Sudo example configuration
bruce.dubbs at gmail.com
Tue Sep 29 22:45:47 PDT 2009
DJ Lucas wrote:
> On 09/29/2009 10:46 PM, Bruce Dubbs wrote:
>> DJ Lucas wrote:
>>> Anybody have any objection to providing a sudoers group and adding more
>>> secure/common example to the sudoers file? Something to the effect of...
>>> groupadd -g<##> sudoers&&
>>> echo -e "%sudoers\tALL=(ALL)\tALL">> /etc/sudoers&&
>>> usermod -a -G sudoers<your user name>
>>> ...instead of the current admin user with no password example?
>> I really don't have an objection, but what we have now is just as easy. The
>> superuser just needs to run visudo and add a name to the ADMIN user alias.
>> Is that really any harder than adding a user to a group.
> Dang it, I knew I was gonna have to read the man page! :-) No...I was
> going more for what is a common use case today...but I suppose that kind
> of icks what learning can be done by reading the manual page. For our
> purposes, we could get the intended result from:
> <username> <$hostname>=(ALL) NOPASSWD:ALL
>> I don't like tabs in configuration files (or source code).
>> The (ALL) really doesn't apply to many users any more.
> I'm not sure if you confused the positions, or if these were two
> separate thoughts.
Two separate thoughts. You had \t in the echo.
> I'll separate, but answer as if confused/transposed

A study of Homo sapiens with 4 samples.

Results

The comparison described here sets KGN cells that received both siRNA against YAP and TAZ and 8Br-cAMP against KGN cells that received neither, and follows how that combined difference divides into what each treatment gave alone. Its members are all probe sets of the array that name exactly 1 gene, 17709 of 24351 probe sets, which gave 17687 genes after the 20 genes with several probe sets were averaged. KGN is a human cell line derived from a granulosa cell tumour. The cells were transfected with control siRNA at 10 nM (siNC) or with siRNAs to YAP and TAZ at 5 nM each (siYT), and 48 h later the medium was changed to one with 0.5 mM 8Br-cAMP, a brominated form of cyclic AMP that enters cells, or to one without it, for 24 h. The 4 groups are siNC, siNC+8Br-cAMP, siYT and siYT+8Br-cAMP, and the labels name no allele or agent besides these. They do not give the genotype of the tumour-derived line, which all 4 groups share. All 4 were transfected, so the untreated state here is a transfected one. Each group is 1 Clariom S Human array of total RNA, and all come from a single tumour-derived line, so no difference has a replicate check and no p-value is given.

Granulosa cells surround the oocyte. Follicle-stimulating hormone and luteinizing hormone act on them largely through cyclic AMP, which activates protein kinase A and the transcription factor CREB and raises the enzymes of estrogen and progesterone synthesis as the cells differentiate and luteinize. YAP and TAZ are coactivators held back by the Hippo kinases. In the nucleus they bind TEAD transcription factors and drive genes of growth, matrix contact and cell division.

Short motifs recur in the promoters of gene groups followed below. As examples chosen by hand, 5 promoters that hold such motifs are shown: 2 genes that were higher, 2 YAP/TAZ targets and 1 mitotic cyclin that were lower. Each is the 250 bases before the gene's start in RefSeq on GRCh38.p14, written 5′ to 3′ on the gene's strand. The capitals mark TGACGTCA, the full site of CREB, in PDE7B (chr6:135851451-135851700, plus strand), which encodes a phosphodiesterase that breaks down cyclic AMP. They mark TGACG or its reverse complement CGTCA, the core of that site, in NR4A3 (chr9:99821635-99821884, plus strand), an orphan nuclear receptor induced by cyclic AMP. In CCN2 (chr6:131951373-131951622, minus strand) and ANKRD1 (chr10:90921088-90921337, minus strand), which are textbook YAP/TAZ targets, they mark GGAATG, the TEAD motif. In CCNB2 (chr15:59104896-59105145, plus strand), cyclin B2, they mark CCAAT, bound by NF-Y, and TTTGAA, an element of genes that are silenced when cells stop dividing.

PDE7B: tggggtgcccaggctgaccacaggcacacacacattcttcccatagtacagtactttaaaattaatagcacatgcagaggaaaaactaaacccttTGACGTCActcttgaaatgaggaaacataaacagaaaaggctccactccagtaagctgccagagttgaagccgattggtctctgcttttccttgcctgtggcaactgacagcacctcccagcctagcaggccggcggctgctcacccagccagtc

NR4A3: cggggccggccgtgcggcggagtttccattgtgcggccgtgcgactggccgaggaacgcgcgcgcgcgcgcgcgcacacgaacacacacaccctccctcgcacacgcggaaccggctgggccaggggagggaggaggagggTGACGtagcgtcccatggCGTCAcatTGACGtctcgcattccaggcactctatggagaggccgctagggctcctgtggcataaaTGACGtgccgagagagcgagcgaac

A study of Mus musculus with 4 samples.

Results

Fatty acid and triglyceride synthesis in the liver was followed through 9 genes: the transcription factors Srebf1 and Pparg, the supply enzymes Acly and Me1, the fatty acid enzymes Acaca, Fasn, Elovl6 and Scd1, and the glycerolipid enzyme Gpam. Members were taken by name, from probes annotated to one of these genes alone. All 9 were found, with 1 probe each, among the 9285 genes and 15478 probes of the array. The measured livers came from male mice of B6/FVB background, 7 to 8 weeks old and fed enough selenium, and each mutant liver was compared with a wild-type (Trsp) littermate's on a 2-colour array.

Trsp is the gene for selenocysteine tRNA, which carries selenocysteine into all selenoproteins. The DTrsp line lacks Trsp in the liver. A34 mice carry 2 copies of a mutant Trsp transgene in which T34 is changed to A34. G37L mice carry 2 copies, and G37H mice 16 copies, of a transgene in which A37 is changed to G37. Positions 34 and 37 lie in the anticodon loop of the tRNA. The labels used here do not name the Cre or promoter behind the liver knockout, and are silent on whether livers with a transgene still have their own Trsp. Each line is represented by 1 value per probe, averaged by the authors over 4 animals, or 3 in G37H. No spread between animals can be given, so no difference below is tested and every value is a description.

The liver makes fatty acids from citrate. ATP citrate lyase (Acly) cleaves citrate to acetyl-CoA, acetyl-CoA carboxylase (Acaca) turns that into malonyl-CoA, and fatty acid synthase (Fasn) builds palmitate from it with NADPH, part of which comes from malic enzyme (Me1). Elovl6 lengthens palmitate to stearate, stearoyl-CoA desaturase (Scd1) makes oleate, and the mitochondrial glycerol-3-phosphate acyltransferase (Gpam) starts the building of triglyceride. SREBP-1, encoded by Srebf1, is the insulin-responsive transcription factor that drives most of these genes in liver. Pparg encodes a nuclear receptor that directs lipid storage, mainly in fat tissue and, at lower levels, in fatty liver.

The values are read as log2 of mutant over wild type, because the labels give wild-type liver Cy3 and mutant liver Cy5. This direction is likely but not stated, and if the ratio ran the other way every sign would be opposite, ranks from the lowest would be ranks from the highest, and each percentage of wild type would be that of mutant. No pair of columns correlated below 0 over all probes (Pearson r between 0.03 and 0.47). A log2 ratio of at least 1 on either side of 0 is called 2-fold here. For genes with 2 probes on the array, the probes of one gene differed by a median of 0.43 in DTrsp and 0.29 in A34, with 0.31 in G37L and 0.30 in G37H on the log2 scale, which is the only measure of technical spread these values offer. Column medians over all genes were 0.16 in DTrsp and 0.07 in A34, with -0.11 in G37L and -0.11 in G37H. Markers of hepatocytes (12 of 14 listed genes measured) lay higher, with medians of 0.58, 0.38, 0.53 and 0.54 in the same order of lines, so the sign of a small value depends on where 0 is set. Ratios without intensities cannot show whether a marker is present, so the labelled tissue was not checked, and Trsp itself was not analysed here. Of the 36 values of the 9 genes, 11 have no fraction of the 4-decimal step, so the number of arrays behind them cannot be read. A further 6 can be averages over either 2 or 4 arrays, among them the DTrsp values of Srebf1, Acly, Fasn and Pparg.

> for anybody who reads, as that's how I understood your comments here at
> first. The '(ALL)' allows the user to choose all users to run the
> command as...it could also be any previously defined user alias or a
> valid user name as well.
I did not remember correctly. What we have is:
user hostlist = (userlist) commandlist
* user is the name of the user or group to which this rule applies
* hostlist is a list of hosts this rule applies to
* userlist is a list of users that this rule can be run as. and must be
enclosed in ( )
* commandlist is a list of commands that this rule states can be executed
The userlist token is optional – if excluded, it defaults to root
I had swapped userlist and hostlist in my memory. ALL and (ALL) are a bit
> But, yes I agree, very few people lock down commands to specific users
> anymore, and just run everything that needs elevated privileges as the
> superuser and change perms if needed when done. I'm guilty as well...an
> it is because of relaxed sudoers files. ;-)
>> I'm not even sure how
>> I'd use sudo to run something on another host.
> You can't directly (at least not that I know of), it is intended for
> shared sudoers files (or included sudoers files) across the network.
OK. I sorta see. The sudoer file is in /etc which is never shared AFAIK, but
if the sudoer file includes a shared file, then it could be appropriate.
> See the example above 'ALL' before the equal sign just lets it match
> unconditionally, any host. 'ALL' always matches unconditionally and is
> actually not really security conscious IMO, but su is not easily
> scritped, so I can justify it for my own use. ;-)
>> The sudoers file can be very complex or very easy (like the current example).
>> I'd prefer to leave it as it is.
> The second point of my original post is that I severely dislike the
> NOPASSWD option. Granted, an admin shouldn't leave a console
> unattended, but in the event that she does, then she has some form of
> protection. Having now reviewed the manual page fully, the default
> timeout is 5 minutes (before you have to enter your password again). I
> really don't care for the generous use of 'ALL', but I can live with it.
I don't have a problem with removing the NOPASSWD option.